Auto Bailout Cost Rises
Even though the bailout measures past during the recession have, for the most part, ended, cost estimates for many of the bailout programs are still being finalized. One such program is the famed bailout of the American auto industry. This bailout, part of the Troubled Asset Relief Program (TARP), was designed to save portions of the auto industry from financial ruin, particularly GM and Chrysler.
All told, this bailout sent $85 billion to the auto industry in the hope that it would prevent the companies from collapsing, costing a significant number of jobs and further creating a larger ripple effect hurting other dependent business sectors such as parts supplies and dealerships. The good news is that the companies are still here and they seem to be on the rebound. The bad news is that in the latest monthly update, the Treasury Department upped its cost to the taxpayers by another 15 percent - raising the cost to taxpayers from $21.7 billion to $25.1 billion (however, this is still an improvement over an early estimate by the Obama administration of $44 billion). CBO's latest estimate is that the total cost of the subsidy will be $19 billion.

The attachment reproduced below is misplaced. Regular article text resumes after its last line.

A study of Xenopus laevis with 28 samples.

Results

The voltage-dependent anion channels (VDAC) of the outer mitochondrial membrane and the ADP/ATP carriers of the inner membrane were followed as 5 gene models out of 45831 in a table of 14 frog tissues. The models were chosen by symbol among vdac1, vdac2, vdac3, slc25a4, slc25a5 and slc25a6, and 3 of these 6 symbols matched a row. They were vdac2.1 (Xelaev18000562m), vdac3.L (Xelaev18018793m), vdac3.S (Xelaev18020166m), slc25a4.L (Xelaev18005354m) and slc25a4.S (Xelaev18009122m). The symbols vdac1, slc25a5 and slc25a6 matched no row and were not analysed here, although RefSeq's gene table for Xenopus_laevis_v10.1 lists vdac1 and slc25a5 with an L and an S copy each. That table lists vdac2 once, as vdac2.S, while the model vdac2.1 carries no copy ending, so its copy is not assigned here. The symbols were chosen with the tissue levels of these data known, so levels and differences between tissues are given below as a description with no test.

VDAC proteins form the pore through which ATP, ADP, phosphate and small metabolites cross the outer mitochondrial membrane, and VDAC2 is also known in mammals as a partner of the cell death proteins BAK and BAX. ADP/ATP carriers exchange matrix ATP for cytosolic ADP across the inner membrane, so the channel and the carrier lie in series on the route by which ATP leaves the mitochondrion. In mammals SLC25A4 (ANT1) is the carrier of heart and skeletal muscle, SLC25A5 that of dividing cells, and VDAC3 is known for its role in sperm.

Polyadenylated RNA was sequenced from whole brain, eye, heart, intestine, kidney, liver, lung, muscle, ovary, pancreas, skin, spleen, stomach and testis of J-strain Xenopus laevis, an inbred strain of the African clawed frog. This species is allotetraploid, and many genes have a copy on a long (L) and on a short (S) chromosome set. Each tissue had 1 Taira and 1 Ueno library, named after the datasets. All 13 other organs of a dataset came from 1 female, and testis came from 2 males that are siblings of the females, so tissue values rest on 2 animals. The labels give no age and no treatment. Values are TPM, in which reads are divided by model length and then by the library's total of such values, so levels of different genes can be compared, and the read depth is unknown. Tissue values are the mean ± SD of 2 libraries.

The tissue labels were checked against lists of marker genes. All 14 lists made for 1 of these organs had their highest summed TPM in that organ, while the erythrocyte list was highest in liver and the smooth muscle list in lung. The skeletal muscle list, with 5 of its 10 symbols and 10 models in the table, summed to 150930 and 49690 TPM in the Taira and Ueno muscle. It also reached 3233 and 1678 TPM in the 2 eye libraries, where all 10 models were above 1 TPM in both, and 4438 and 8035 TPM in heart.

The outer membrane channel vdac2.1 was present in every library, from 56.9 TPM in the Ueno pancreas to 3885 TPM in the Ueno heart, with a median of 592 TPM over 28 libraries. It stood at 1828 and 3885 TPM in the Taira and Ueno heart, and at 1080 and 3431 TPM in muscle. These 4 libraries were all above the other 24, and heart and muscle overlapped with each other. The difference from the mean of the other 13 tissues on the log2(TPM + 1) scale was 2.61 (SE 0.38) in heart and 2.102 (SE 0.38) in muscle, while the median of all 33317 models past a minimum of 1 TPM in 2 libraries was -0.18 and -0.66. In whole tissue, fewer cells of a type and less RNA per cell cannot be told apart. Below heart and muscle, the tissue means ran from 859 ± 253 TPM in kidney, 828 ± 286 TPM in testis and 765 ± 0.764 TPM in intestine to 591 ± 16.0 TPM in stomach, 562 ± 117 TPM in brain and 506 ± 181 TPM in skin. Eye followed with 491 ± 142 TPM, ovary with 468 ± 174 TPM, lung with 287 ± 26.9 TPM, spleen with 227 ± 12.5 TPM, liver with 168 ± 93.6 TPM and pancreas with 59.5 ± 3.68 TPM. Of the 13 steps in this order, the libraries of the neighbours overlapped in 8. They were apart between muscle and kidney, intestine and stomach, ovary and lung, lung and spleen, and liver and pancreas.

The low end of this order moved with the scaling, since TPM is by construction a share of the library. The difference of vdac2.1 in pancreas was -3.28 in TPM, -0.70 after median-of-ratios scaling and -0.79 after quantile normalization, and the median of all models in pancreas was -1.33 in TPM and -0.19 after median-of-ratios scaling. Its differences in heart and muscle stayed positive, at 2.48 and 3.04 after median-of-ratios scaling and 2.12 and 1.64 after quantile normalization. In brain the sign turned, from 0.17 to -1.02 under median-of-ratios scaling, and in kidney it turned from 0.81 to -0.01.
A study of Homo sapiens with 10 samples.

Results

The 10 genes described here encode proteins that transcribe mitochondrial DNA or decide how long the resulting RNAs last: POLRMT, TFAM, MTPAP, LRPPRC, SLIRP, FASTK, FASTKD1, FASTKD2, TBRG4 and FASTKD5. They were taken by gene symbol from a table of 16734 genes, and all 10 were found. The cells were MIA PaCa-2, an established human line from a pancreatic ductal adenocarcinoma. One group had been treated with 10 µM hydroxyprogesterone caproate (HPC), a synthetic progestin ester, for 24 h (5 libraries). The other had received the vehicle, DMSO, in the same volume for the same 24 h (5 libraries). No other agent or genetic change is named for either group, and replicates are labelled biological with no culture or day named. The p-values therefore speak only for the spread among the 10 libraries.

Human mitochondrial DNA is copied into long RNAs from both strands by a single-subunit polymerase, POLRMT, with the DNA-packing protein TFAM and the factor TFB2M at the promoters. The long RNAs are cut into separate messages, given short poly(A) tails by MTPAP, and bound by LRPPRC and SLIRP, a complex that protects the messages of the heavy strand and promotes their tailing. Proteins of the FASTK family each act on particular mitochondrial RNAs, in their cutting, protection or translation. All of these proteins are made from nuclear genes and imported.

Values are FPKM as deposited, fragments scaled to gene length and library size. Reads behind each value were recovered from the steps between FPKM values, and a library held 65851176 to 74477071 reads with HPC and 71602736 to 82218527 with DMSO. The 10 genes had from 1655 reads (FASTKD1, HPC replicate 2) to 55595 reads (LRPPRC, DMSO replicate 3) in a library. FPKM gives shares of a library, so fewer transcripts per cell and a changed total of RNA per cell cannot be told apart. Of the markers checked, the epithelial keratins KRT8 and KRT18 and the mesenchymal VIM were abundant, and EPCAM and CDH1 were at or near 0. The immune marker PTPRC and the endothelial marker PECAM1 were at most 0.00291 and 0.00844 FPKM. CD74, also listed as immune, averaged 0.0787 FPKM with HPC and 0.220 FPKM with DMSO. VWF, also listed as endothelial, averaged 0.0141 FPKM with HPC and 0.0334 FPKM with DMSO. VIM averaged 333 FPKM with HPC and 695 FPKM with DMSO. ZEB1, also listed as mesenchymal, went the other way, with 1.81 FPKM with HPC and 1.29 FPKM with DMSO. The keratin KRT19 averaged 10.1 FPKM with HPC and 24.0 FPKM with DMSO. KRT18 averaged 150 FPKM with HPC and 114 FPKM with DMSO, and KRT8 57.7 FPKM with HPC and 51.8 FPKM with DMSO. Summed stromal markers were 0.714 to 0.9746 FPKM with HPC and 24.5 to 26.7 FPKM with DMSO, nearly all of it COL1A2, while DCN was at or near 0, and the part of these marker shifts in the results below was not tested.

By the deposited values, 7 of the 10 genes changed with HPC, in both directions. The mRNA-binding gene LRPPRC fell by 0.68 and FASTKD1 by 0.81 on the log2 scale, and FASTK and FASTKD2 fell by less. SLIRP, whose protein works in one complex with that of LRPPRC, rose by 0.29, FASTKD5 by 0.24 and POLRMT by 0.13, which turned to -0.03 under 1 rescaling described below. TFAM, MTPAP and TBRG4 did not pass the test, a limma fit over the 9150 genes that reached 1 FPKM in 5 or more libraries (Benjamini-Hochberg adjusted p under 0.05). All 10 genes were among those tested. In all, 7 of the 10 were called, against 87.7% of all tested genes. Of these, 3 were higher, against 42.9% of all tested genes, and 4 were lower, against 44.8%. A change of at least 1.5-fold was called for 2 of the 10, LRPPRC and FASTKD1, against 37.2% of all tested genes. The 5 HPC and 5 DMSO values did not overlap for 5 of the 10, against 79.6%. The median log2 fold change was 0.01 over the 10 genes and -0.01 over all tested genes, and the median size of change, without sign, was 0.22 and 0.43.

|Treasury Estimate||Cost to Taxpayers ($Billions)|
This cost estimate is based off of how much money Treasury expects to recoup from the share purchases they have made - thus it is based off of company valuations. Treasury currently holds about 500 million shares of General Motors and would need to sell them at about $53 to recover the $49.5 billion spent on GM (GM closed today at $21.33).
For further information, see stimulus.org for up to date stimulus cost tracking.